Late-season warmth helps with corn maturity
September’s warm temperatures helped late planted corn in southwest Michigan to mature.
September 25, 2018 - Author: Bruce MacKellar
The 2018 spring planting season was marked by lengthy delays due to persistent periods of wet weather. While the moisture received in the spring was very beneficial as the weather turned dry across most of Michigan in July, planting delays caused headaches for producers that spent most of the season playing catch up with crops in very different stages of growth.
As the calendar switched from May to June, many planned corn fields were still left un-planted. Soon thereafter, the switch was on from planting corn to soybeans. While most of the area’s fields were planted by June 15, there was still surprising numbers of acres that had not been planted until conditions dried out in the third week of June.
While it is unclear when the first killing frost will occur in southwest Michigan this year, it is a sure bet that the much warmer than normal temperatures we have seen in September, along with a return to favorable rainfall, have helped the crops greatly. The chart below shows when 100-day RM corn should have or potentially will reach physiological maturity for various planting dates in the Lawton, Michigan, area of Van Buren County.
Projected date RM 100 (2350 GDU) hyrbids will reach R6 (black layer) for different planting dates. Source: MSU Lawton Enviroweather Station.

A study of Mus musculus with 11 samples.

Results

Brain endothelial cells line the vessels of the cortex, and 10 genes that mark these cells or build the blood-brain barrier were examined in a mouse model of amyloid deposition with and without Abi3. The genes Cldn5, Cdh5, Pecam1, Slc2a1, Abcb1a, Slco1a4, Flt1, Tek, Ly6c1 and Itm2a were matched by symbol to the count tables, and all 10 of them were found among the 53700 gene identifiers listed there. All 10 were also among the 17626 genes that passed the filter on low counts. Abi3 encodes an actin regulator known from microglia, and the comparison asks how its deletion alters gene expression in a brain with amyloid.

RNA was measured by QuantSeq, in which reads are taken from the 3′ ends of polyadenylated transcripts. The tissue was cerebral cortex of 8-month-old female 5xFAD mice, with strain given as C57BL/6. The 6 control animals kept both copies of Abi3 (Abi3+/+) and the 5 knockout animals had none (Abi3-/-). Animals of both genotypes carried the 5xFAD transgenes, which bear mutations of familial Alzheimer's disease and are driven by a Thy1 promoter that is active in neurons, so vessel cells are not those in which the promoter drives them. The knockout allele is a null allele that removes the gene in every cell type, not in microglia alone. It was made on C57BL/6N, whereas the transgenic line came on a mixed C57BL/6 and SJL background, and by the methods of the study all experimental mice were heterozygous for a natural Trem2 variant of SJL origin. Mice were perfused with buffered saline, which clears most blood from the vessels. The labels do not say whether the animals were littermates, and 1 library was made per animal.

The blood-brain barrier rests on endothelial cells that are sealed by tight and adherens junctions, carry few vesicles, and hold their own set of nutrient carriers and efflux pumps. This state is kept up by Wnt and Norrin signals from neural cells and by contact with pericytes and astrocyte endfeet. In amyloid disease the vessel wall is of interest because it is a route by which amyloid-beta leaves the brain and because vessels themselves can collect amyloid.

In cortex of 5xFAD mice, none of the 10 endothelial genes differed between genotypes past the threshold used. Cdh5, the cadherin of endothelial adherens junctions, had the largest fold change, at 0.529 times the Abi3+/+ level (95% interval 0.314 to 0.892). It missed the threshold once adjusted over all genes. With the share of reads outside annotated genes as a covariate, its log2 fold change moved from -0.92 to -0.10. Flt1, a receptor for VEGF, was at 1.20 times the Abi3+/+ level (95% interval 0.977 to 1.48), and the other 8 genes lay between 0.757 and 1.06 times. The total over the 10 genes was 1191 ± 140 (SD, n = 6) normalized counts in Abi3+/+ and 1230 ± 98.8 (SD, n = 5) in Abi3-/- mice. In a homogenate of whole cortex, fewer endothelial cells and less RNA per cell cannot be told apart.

The chart above reflects the Baskerville-Emin 86-50 cutoff method for calculating growing degree-days (GDDs). The BE GDD system does not count temperatures above 86 degrees Fahrenheit as providing additional corn growth potential. This suggests that 100 RM corn planted by May 31 should be at or close to black layer by Sept. 18, 2018. Corn planted in June may still have a ways to go to reach physiological maturity. The current 6-10 and 8-14 day outlooks are calling for a return to more normal to cooler than normal weather for the period.
Corn at physiological maturity can be anywhere from 28-35 percent moisture, depending on a combination of factors, including hybrid characteristics such as husk leaf number and tightness, relative humidity, temperature and wind. Drying of corn grain occurs much faster during extended periods of hot and dry conditions. It takes approximately 30 GDDs to remove 1 percent of moisture in corn grain. Early planted corn had the opportunity to be exposed to 10 days of 25 GDD or warmer temperatures since reaching physiological maturity. Robert Nielsen, Purdue University corn agronomist, has written an excellent resource, “Field Drydown of Mature Corn Grain,” which discusses this process more fully.
2018 actual Base 50 GDDs compared to 30-year average. Source: MSU Lawton Enviroweather Station.
With the planting delays experienced in the spring of 2018, we expected challenges with immature crops going into fall in southwest Michigan. Mother Nature did its part to help us catch up. However, we still could use a later killing frost and some good warm, drying weather going into October and November to help reduce drying cost on later planted corn.